Computability and Recursion,

The History and Concept of Computability,

* Annals of Pure and Applied Logic *, 160 (2009), 368--399.
We examine the birth of computability theory in the 1930's, the roles
of G\"odel, Church, and Turing, and the formalisms of recursive
functions and Turing automatic machines ($a$-machines). Godel and
most modern scholars gave credit to Alan Turing for formulating his
Turing machine definition and for demonstrating Turing's Thesis that
an intuitively computable function is computable by a Turing machine.
We present Turing's notion [1939, \S4] of an {\em oracle machine\/}
($o$-machine) and Post's development of it in [1944, \S 11], [1948],
and finally Kleene-Post [1954] into its present form.

A number of topics arose from Turing functionals including continuous functionals on Cantor space and online computations. Almost all the results in theoretical computability use relative reducibility and $o$-machines rather than $a$-machines and most computing processes in the real world are potentially online or interactive. Therefore, we argue that Turing $o$-machines, relative computability, and online computing are the most important concepts in the subject, more so than Turing $a$-machines and standard computable functions since they are special cases of the former and are presented first only for pedagogical clarity to beginning students. At the end in \S10 -- \S13 we consider three displacements in computability theory, and the historical reasons they occurred. Several brief conclusions are drawn in \S14.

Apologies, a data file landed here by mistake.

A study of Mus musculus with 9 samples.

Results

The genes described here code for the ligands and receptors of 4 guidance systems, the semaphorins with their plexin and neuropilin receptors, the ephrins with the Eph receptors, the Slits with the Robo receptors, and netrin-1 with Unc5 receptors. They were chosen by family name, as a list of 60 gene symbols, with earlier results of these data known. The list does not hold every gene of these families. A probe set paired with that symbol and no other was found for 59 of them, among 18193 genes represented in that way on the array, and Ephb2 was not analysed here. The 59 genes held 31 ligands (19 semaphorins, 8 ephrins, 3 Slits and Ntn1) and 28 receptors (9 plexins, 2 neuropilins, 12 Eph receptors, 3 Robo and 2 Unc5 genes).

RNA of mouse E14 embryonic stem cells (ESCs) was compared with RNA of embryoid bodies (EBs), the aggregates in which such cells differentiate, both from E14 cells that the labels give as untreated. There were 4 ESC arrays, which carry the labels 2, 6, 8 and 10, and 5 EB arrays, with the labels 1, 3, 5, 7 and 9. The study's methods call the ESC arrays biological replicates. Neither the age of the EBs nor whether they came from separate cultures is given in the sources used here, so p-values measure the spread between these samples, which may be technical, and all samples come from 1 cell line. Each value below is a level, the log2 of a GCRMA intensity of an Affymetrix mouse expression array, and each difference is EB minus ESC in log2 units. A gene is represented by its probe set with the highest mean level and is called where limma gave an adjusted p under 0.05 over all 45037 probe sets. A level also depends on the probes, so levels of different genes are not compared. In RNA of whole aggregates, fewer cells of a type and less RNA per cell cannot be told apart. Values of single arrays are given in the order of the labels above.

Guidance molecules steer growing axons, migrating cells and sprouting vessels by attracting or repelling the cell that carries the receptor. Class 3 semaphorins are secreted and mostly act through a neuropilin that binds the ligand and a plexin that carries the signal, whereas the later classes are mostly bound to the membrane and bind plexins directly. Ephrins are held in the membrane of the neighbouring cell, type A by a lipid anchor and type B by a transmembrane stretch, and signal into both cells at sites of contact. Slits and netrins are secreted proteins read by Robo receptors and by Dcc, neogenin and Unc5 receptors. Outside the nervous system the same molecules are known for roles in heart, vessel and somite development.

* Annals of Pure and Applied Logic *, to appear in volume of
Proceedings of Computability in Europe, Siena, 2007 meeting.

Turing, born in 1912, would turn out to be one of the most brilliant minds of the century; conceiving, as he did, of the modern computer decades before it came into existence.

Turing went on to study mathematics at King’s College, Cambridge, and, after a long-distance run one afternoon, he lay down in a meadow to ponder. By the time he got up to run back, he had worked out a new definition of computability. Without consulting his mentor, or anyone else for that matter, he sat down and wrote “On Computable Numbers,” which conceived of abstract “machines” that function much like modern computers. The year was 1936. At the time, of course, actual computers did not exist. Turing was 23.

The great mathematician John von Neumann was one of the few at the time who appreciated Turing’s originality.